Last night I took my oldest to see the LA Philharmonic perform the entire soundtrack to The Empire Strikes Back.
This was a dream come true.
As a child, I listened to this soundtrack over and over and over again. I marched to the Imperial March and pretended to conduct the orchestra on my 33 1/3 LP. The latter was carried out with an actual baton–a gift from my father soon after I showed enthusiasm and interest in conducting–
–after my first night at the Hollywood Bowl watching John Williams do the same.
Apparently, I stood up on my chair and waved my hands in time with the music.
Advertisements for “The Maestro at the Movies” later this month state that the show is to be a 40th Anniversary Celebration–which means I’ve been going to the Bowl to see John Williams, on or close to my birthday, for 40 years now…
That’s insane to me that so much time has passed.
In the beginning, Williams would stack the performance with Star Wars tracks. There weren’t neon lightsabers waving in the audience back then, but there was great appreciation and adulation.
Some years, he would skip it all together, leaving many–including this avid fan–a bit disappointed with the track selection from his more current work. On those nights, he appeased us with an encore or two of The Raiders March, or if we’re lucky–The Imperial March–but he always fulfilled his part of the bargain by playing the original Star Wars theme.
Last night was the real deal. The entire soundtrack, from beginning to end, played in time with the actual movie. David Newman, not John Williams, was the conductor and he did a phenomenal job.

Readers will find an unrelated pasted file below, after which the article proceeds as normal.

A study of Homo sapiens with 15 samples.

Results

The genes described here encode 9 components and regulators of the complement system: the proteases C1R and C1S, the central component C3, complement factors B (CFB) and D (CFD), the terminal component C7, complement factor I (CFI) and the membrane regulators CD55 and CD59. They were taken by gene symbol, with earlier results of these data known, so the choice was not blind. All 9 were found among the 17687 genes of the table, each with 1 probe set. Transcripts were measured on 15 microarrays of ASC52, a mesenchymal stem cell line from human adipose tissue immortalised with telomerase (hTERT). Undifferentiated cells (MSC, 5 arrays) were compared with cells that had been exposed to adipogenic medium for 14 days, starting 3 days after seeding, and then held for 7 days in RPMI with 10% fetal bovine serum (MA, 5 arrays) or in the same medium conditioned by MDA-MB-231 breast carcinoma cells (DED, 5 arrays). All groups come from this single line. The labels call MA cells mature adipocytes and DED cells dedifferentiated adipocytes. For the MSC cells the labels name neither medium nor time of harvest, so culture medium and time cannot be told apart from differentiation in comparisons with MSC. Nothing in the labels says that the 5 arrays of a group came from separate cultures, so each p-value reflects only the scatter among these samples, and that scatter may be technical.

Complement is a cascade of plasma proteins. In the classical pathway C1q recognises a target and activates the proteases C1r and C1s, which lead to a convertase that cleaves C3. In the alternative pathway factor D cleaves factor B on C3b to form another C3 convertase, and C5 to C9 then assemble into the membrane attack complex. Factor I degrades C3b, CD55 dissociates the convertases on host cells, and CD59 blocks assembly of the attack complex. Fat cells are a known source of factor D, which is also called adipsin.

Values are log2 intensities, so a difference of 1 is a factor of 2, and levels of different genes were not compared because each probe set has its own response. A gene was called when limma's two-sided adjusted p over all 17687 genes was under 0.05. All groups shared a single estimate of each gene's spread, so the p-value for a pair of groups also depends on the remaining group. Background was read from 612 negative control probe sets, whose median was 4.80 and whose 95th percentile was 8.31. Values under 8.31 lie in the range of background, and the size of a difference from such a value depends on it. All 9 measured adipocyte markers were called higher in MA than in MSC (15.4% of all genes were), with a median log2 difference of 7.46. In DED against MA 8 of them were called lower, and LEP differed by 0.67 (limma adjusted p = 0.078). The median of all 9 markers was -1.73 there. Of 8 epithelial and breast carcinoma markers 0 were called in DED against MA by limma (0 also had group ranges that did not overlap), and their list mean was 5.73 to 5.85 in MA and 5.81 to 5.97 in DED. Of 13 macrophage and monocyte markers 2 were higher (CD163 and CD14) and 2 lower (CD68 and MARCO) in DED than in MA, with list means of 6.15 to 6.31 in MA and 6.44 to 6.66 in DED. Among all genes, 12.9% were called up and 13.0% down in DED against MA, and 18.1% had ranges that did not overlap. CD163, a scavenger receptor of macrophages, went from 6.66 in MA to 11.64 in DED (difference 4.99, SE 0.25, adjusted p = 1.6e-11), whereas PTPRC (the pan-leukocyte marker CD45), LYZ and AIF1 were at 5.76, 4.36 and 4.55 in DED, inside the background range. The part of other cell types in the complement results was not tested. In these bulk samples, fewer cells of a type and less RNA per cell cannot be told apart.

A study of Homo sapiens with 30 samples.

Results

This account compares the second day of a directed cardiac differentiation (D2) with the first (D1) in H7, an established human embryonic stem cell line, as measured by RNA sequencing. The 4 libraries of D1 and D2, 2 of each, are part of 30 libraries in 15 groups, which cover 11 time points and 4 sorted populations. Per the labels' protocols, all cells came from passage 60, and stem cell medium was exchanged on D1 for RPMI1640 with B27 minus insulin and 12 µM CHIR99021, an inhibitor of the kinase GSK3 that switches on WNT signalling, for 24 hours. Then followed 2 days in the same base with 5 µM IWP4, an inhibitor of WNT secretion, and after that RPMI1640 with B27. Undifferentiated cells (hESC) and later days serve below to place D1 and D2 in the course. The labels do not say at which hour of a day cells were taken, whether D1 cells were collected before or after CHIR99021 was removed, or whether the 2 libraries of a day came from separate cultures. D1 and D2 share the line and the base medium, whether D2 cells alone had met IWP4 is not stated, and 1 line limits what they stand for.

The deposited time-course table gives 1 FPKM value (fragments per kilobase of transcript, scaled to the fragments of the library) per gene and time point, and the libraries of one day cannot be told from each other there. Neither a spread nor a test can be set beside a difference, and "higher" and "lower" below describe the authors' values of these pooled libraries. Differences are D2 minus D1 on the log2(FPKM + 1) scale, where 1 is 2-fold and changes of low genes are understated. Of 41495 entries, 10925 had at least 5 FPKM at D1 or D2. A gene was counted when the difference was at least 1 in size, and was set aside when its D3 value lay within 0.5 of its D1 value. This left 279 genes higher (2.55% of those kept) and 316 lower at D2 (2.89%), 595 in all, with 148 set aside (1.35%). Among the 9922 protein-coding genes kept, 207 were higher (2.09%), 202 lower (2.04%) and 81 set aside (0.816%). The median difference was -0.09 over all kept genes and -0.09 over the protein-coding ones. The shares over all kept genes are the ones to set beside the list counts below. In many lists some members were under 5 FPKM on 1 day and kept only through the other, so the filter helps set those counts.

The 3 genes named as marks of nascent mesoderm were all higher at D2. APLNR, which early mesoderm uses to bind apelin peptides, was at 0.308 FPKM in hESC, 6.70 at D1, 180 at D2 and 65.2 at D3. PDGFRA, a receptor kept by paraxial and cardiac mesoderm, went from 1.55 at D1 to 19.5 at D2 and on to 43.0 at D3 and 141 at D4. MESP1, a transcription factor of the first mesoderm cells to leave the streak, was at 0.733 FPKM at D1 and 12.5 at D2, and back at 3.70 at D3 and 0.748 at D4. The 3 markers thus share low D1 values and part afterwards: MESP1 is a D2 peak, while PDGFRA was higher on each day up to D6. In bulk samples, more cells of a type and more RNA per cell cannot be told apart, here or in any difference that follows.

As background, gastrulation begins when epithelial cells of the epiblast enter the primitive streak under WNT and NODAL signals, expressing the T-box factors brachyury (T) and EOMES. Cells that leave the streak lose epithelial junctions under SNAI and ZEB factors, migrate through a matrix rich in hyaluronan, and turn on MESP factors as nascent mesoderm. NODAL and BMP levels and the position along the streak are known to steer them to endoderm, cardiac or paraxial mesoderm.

In the beginning, I bounced back and forth between film and orchestra. Soaking in the entire experience and having difficulty reconciling reality with my childhood dreams.
Because this was both.
Towards the middle, I started to lose track that there was an actual orchestra playing right before my eyes. The soundtrack is so good and so subtle that when it picks up after an extended amount of silence, you almost forget that there is music being played. It’s as much a part of the film as the sound effects and cinematography.
But it was towards the end, that I lost all sense of myself.
From my seat, I could see the video screen atop Newman’s podium. In addition to the film, the monitor displayed a slow moving line that tracked rhythm from left to right. A pulsating white circle flashed on and off in the middle of the screen, perfectly noting each beat.
And I couldn’t look away.
Like I said, dream come true.
Towards the end, I became transfixed by this sight to the exclusion of the actual film. Of course, I’ve seen Empire a couple of times, so I know I didn’t miss anything. But I simply couldn’t look away. Watching that piece of music performed–from Han and Leila’s kiss in the freezing chamber through the End Credits was mesmerizing.
And once again, I found myself imagining what it would be like to wave that baton and to bring about such beautiful music.
To me, this soundtrack (and film) is perfection. The Hoth Battle and The Asteroid Chase. Yoda’s Theme as he lifts the X-Wing. And that last piece of music alternating between Boba Fett’s escape and Luke and Darth’s confrontation. No piece of music brings a brighter smile to my face, and last night I never smiled brighter.
The crowd was into it. Waving neon lightsabers in time with the music and cheering with each introduction of a beloved character. The former showcased the talent of the Philharmonic musicians.
As my son, who is currently studying to be a film and game composer, explained to me–trying to keep time by focusing on the conductor’s baton while at the same time NOT playing to the hundreds and hundreds of neon batons swaying off-beat and out of rhythm is quite a spectacular feat. They don’t have screens in front of them: only sheet music and the conductor.
I was fortunate to have an expert with me to point these things out.
And I think that’s probably the greatest part about this entire experience. That my father can pass a love for classical music onto me, that is then passed on to my son. Forty years of music appreciation spanning three generations.